ST. PAUL – Should the fate of Minnesota’s flag be decided by a few appointees on a state commission or all Minnesotans?


State Representative Marj Fogelman (R-Fulda) said the decision should be made by residents, as she is supporting new proposals that would allow Minnesotans to vote on the new flag design that has been approved by the Minnesota State Emblems Redesign Commission. Fogelman recently took part in a State Capitol press conference that unveiled the legislation. 


“I’ve been hearing plenty of complaints about the flag redesign process, including local governments in our district,” Fogelman said. “All are upset that only a handful of unelected voices are making this permanent change. Giving people the right to vote and decide whether this flag design best represents them seems like a common sense decision.”


Not long ago, the Minnesota State Emblems Redesign Commission approved a new state flag. During the hearing, commission members were told by the Secretary of State that voting on a new flag was unconstitutional.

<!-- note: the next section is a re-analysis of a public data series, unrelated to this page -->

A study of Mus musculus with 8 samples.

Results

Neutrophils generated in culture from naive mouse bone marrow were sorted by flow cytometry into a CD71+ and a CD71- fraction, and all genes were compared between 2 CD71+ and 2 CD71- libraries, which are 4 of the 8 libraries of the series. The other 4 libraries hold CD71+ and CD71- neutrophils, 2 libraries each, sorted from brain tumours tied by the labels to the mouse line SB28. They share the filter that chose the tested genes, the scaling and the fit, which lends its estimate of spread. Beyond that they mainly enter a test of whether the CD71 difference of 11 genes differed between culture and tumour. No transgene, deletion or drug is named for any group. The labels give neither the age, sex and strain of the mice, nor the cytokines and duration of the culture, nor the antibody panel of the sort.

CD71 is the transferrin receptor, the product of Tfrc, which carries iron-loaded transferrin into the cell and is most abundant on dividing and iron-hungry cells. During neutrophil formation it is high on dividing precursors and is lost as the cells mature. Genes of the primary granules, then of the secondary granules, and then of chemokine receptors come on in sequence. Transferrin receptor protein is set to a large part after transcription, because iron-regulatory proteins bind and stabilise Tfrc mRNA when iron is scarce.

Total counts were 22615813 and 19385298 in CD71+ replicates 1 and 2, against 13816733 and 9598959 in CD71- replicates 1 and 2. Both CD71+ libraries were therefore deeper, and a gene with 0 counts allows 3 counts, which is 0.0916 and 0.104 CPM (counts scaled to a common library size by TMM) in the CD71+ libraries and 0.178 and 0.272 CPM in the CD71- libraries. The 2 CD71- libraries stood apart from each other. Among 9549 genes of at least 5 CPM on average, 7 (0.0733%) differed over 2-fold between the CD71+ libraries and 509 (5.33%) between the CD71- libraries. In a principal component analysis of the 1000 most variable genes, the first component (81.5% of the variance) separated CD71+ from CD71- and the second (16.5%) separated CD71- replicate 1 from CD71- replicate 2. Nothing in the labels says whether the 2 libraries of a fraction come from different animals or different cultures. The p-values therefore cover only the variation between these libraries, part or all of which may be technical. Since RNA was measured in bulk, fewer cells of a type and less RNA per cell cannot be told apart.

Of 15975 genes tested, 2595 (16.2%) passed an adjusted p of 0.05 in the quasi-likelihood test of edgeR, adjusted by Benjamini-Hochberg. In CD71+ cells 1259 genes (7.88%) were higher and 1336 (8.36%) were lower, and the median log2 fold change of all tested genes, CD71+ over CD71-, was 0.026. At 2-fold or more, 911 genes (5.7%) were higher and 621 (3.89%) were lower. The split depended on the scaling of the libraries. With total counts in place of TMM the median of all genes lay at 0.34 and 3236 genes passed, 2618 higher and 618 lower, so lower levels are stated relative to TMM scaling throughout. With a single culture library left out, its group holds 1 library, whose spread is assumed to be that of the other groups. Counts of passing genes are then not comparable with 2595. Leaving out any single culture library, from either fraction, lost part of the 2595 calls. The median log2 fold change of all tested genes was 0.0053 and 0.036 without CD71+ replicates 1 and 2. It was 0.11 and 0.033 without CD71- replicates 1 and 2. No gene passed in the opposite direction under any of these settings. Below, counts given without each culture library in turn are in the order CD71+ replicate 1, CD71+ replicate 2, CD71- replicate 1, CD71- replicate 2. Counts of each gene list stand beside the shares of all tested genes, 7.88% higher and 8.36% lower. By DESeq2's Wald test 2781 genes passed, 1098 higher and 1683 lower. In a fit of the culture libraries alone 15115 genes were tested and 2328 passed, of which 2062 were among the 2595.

After consulting with nonpartisan experts, several legal ways were discovered that could make the process constitutional and put the flag design up for a vote this November. Fogelman said each process has its own separate bill, and it would be up to a majority of supporting lawmakers to decide which avenue works best for the State of Minnesota. 


Since the commission finished its redesign decisions, the Nobles and Cottonwood County boards approved resolutions in opposition to the new state flag and state seal.


Fogelman said a recent analysis found that roughly 75% of Minnesotans have some level of dissatisfaction over the process to create a new state flag or the final product itself. 


“If the majority of voters like the flag and vote for it, then it would be our new state flag,” Fogelman said. “If the majority of voters oppose it, the flag redesign process would start over. Either way, giving Minnesota residents the right to vote on their new state flag allows them to have their voices heard.”